Democrats Champion Privacy

SAN MATEO (08/16/2000) - Honing in on the controversy now surrounding privacy, Democratic operatives on Wednesday at the Los Angeles convention will aim to point out the difference between the two political parties on the hot-button issue.

Although offering few details ahead of the scheduled discussion, U.S. Rep. Jay Inslee, of Washington, announced that he -- along with California's Attorney General Christine Gegoire and others -- will host a discussion on privacy.

The goal is "to help raise the profile of the privacy issue on the agenda in the presidential race," according to Inslee's camp.

Inslee addressed the Democratic Convention hall on Tuesday setting the stage for Wednesday's session.

Inslee trumped the Democrat's claim to a new law that stops banks from selling credit card numbers to telemarketers.

"We Democrats also led the effort to stop the federal government from secretly tracking our movements over the Internet. For what does liberty mean if our most personal affairs are sold to the highest bidder?" Inslee asked.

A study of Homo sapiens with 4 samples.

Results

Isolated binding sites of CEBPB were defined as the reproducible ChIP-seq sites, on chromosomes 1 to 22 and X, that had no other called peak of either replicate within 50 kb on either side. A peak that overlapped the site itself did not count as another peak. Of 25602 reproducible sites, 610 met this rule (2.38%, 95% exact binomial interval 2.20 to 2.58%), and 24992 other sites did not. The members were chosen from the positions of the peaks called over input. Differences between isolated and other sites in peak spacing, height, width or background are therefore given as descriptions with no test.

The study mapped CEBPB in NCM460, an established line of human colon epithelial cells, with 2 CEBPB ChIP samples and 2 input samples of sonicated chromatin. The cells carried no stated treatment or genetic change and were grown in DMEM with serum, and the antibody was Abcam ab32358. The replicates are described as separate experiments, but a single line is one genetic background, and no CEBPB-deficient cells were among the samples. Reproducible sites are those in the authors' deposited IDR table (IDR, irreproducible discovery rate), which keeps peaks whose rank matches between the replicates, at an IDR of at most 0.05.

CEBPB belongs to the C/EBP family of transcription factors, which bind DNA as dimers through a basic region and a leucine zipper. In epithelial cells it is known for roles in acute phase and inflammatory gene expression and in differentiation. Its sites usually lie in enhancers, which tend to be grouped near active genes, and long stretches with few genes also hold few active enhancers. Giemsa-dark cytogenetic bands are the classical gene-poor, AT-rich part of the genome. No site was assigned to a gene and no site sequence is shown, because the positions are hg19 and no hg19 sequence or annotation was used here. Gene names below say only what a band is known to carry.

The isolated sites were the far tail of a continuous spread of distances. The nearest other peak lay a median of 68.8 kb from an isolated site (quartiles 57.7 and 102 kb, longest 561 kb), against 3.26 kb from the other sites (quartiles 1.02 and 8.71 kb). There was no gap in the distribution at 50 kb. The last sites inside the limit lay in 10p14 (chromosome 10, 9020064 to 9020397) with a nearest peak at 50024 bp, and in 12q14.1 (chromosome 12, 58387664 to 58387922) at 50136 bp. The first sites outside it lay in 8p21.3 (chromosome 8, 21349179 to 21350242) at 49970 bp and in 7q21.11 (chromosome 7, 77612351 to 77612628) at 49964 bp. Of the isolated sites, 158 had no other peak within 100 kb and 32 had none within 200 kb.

Inslee has declared the Democrats the "Party of Privacy."

Gore's Web site details the specifics of the candidate's privacy platform.

Gore has called for the establishment of an "Electronic Bill of Rights" to dictate how and when information is disclosed. Gore also supports a person's rights to see and correct personal data held on him or her.

Gore claims he is for the self-policing among the Internet industry but is pushing for more self-regulatory efforts.

Jennifer Jones is an InfoWorld senior editor.